Leaving the floor of the 2016 CES floor and returning to normal civilization feels like stepping back in time. Shoes aren't tracking every step taken, refrigerators aren't streaming live images with options for 1-click buying, and most light bulbs just illuminate - they don't have speakers or microphones built-in and they certainly don't talk to the cloud. Yet, all this will be normal... very soon!
This was a record-breaking CES, with more than 170,000 attendees from over 150 countries. The show had a very international flavor with over 50,000 attendees coming from outside the U.S., including 100 official foreign delegations. History was also made by the first delegation from Cuba to ever attend a CES show. The 3,800 exhibitors and 500 innovative startup companies got great exposure from the 6,000+ media professionals at the show. In fact CES officials report there were 1.3 million mentions of the #CES2016 hashtag and 15.2 billion (yes, billion) impressions on social media.
The opportunities for small- and medium-sized businesses at CES seem endless. For example, an entire section of the 2.47 million-plus net square feet of exhibit space was dedicated to 3D printing technologies. Not only are 3D printers changing the efficiency of going from concept to working prototype, but new materials and the availability to access the technology has created a burgeoning marketplace. Exhibitor 3dprintler.com showcased its tool that compares prices for 3D printing jobs and also showed off its API for other businesses to tap into. Whether you want to construct a model or print an edible cake topper, 3D printers are having a huge impact on manufacturing and development.
That was not a misprint above about 3D-printed cake toppers; 3D printed food is here and it is sweet (thank you 3D Systems Culinary Lab for the sample). In fact, technology throughout the kitchen should have a ripple effect in multiple food industries. If you're the proprietor of a coffee shop, for example, you might be interested in the Ripple Maker, a printing technology that allows the most novice barista to print any image onto coffee foam.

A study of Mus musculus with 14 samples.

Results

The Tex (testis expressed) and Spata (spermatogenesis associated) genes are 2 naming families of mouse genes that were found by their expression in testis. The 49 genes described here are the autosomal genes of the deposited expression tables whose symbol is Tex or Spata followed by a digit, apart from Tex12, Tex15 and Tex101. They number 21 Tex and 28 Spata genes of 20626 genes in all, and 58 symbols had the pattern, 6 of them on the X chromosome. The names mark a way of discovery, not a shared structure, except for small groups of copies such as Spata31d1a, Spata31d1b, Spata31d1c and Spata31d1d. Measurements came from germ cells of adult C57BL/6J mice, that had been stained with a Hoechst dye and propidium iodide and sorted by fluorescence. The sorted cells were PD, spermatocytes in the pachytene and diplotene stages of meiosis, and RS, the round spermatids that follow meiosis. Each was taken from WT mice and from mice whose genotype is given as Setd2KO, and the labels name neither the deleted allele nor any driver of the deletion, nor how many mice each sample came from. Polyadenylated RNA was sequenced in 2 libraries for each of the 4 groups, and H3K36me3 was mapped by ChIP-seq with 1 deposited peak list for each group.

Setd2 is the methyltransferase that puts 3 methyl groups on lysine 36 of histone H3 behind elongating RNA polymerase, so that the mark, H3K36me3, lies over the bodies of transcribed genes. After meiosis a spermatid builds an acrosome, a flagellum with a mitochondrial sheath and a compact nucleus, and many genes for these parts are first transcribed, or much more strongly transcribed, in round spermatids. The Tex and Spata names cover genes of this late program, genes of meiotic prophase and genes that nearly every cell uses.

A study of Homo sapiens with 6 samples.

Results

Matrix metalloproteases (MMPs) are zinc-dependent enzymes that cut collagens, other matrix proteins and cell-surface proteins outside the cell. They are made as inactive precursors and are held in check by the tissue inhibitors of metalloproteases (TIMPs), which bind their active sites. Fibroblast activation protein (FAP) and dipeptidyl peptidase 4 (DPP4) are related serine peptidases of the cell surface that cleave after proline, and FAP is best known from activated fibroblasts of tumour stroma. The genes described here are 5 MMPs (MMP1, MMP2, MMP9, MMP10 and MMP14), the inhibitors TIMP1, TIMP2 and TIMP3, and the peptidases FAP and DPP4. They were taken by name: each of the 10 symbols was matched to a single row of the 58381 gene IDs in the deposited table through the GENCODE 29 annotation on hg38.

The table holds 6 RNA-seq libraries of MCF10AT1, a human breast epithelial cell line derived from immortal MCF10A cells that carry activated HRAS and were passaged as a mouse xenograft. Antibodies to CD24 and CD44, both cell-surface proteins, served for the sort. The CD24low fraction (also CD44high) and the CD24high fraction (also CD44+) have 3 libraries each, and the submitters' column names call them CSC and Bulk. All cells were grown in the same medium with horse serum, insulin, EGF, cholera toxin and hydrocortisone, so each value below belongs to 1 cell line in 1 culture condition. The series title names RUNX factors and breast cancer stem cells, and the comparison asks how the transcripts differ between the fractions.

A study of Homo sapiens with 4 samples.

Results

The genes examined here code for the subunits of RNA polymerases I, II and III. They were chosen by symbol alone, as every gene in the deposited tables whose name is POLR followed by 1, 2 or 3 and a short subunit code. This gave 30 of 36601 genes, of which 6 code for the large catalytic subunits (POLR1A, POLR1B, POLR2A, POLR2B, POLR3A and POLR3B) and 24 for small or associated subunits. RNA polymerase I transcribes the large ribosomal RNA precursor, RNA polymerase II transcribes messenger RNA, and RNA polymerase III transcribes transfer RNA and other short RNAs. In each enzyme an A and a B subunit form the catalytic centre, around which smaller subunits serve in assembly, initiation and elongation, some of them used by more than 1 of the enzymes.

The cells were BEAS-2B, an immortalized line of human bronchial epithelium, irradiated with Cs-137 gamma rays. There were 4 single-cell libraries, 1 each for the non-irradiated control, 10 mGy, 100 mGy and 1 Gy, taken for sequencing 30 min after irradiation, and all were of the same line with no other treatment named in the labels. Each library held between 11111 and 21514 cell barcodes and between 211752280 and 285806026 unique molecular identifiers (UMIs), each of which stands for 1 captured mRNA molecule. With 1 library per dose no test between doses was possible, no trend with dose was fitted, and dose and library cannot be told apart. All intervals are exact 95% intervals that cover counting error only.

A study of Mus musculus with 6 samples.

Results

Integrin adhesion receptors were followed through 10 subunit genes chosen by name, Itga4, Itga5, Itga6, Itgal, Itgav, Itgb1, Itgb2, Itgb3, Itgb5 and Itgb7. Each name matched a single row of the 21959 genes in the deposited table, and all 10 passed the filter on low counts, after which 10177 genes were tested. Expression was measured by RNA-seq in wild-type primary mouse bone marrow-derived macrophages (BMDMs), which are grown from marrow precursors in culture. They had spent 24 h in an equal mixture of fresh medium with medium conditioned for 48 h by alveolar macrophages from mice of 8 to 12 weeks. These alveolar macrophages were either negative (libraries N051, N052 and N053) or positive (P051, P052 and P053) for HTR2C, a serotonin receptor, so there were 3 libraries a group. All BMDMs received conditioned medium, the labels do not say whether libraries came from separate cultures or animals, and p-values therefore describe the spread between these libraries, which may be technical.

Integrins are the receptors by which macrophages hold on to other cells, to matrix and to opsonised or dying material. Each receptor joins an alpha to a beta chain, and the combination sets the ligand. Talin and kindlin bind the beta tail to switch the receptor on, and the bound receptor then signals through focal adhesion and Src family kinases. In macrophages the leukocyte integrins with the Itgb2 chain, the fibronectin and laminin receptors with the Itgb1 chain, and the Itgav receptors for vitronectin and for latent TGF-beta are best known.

While 3D printed food is fun, there was an even bigger movement with companies using the "Internet of Things," AI and cloud computing to improve health and wellness - starting in the kitchen and moving far beyond. Indiegogo start-up, SmartyPans, is releasing a smart pan that tracks and measures the weight and temperature of your food (recognized through voice command) and then provides nutritional information - and yes, it is dishwasher safe!
Everything in the kitchen is getting a "brain." We saw whisks, bowls, blenders and storage containers get smart. Storage containers from iCuisine added a food tag that talks with a smartphone app - you tell the tag what you put inside the container and it uses that information to alert you when the food is about to expire and even recommends recipes based on the ingredient(s) inside.
The wellness movement extended into the bedroom with smart mattresses that monitor, analyze and even adjust during sleep cycles, from companies such as Variowell and Coway. Not to mention, all the daily activities that get people tired and ready for bed have created a burgeoning industry of smart socks, shirts and more from companies like Sensoria Fitness. All the wearable trackers weren't sports-related though. GlamFit Jewelry focuses on style, so women can track their movements without looking like they're training for the Olympics.
Taking everyday items and adding a chip or tag that allows it to communicate with an app or the cloud is an opportunity all product and service providers should look into.
Nowhere was this trend more evident than in the Smart Home section at CES. In fact, it was difficult to know where the Smart Home section of the show began and ended because the technology and devices were ubiquitous. The market is finally maturing on smart home protocols and hubs and this CES demonstrated the power and momentum of connecting everyday objects to people and other objects. Specifically, the protocols of Z-Wave, ZigBee and Apple's HomeKit were very well represented for those looking to tap into this network.
A new Smart Home Marketplace Survey from Coldwell Banker Real Estate says 45 percent of all Americans either own smart home technology or plan to invest in it in 2016; and 70 percent of those who already own the technology say purchasing their first smart home products made them more likely to buy another one. Shouldn't your business help them make their first - or second or third - purchase?